The demographic weight of Quebec within Canada continues to erode, according to the census

Quebec was home to 23% of Canadians in 2021, down from 23.2% in 2016, even though the population grew by 4.1% during this period.




The Montreal region saw its population increase by 4.6% between 2016 and 2021 compared to 4.2% during the previous census period. But if the last year of the census period is considered in isolation, the population of the Montreal area fell by 0.06% between July 1, 2020 and July 1, 2021, a drop attributed to the COVID-19 pandemic and subsequent movement to other regions by those who can telecommute.



But again, the pandemic was felt in 2020-2021, with downtown seeing a 3.1% year-over-year population decline.

“Since the onset of the pandemic, the allure of city center living may have lost some of its charm, as many working from home have fewer opportunities to participate in cultural activities. or recreational,” writes Statistics Canada, noting that in April 2020, “about 40% of workers spent most of their working hours at home,” up from 4% in 2016.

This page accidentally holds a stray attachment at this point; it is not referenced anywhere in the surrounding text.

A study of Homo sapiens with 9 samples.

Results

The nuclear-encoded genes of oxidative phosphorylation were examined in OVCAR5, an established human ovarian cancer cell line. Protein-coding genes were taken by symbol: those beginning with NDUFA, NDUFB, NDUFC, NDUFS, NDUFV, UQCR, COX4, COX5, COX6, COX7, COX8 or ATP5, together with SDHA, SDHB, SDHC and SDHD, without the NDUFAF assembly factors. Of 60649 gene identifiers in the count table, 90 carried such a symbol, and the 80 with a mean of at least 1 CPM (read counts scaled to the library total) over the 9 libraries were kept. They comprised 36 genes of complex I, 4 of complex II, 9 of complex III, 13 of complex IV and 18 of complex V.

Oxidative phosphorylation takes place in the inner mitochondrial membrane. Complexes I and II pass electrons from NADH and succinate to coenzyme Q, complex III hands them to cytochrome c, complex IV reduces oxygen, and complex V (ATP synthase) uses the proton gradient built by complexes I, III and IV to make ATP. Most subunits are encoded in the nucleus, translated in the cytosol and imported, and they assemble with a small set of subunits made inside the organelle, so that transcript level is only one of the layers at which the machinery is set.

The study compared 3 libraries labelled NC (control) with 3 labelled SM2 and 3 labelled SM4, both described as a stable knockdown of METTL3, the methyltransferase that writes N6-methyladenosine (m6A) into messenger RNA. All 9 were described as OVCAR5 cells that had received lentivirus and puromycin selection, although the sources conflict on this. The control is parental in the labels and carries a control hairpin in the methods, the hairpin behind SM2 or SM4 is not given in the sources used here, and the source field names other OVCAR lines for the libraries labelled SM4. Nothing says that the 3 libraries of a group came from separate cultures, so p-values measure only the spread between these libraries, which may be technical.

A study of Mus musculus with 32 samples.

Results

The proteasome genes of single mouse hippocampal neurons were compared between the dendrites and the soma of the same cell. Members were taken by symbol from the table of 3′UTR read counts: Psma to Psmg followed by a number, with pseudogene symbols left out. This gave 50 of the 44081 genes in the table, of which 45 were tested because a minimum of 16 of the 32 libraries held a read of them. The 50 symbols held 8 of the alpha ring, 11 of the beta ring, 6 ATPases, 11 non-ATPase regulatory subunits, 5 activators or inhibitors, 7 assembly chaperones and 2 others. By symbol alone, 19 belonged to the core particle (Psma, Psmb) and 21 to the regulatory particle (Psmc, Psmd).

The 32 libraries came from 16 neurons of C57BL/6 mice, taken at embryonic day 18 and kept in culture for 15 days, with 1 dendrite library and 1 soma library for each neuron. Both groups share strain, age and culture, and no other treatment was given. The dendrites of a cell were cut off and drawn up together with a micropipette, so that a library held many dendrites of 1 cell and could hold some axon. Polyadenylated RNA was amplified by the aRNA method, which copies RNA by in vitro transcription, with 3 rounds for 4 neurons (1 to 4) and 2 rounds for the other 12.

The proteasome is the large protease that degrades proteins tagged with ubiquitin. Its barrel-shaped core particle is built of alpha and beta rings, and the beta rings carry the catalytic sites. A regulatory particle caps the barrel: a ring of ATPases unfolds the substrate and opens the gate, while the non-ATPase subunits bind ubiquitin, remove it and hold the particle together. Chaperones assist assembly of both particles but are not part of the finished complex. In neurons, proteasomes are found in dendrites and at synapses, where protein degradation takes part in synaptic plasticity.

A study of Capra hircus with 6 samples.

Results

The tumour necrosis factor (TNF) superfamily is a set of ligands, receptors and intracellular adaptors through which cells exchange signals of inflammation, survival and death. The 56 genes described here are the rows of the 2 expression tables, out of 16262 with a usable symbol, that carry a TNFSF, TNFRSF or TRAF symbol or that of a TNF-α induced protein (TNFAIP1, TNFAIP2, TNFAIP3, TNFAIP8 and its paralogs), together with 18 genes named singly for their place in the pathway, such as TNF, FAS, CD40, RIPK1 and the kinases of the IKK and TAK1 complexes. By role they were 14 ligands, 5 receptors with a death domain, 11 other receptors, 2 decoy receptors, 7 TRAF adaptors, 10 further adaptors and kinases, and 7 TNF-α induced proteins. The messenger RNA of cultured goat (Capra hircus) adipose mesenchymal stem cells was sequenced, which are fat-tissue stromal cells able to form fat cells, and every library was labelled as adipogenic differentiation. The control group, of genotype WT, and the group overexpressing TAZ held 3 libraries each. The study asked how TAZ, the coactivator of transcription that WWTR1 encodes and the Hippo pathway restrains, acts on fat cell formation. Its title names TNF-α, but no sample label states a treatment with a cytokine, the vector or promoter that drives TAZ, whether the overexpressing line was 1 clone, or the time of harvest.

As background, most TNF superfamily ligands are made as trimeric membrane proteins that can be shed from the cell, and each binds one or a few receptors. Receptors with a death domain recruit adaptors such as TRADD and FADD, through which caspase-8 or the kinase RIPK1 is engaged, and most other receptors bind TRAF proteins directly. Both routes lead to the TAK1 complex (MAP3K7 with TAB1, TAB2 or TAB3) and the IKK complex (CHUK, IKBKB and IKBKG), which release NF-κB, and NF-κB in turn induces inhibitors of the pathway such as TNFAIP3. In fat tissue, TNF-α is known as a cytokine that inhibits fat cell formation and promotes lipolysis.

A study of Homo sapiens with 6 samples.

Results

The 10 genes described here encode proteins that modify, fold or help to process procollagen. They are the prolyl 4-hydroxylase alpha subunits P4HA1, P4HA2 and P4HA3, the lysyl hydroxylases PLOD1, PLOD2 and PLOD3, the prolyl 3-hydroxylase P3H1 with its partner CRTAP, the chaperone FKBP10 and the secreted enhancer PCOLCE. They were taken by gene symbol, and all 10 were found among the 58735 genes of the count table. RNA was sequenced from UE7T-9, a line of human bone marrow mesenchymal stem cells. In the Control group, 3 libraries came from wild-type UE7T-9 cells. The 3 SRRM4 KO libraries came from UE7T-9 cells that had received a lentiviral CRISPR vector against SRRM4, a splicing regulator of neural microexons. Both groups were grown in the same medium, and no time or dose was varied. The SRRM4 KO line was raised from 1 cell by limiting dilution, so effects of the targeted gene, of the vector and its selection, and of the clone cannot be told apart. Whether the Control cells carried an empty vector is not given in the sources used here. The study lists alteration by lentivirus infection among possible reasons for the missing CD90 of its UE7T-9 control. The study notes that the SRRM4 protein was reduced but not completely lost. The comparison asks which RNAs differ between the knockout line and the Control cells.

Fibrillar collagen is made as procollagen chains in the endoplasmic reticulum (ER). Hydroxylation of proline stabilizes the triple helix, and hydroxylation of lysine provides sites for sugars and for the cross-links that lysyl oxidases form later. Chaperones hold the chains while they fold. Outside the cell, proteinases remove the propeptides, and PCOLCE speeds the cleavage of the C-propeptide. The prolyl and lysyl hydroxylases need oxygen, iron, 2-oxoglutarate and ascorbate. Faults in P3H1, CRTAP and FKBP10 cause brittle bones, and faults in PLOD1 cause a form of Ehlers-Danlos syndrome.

“There is really a phenomenon of urban sprawl” which coincides with “a densification of city centers”, declared Wednesday Laurent Martel, who supervises the analysis of demographic data compiled by the census, during a press conference. Virtual.

The demographer said that towns outside major centers benefit from population displacement and that a town like St-Jean-sur-Richelieu could soon be considered a major center itself.

Highlights of the census for Quebec:

Population 2021: 8,501,833

Population 2016: 8,164,361

Percentage change in population: 4.1



Private dwellings occupied by usual residents: 3,749,035

Population density per square kilometer: 6.5

Area in square kilometers: 1,298,599.75

Communities that have grown the most: St. Apollinaire, 30.4%; Bromont, 25.6%; Carignan, 24.1%; St-Zotique, 21.2%; Mirabel, 21 percent.

Communities that grew the least: Ste-Anne-des-Monts, minus-4.9%; Port-Cartier, minus-4.2%; Baie-Comeau, minus-3.9%; Kirkland, minus 3.7%; Chibougamau, minus-3.6%

This story was produced with financial assistance from Facebook and the Canadian Press News Fellowship.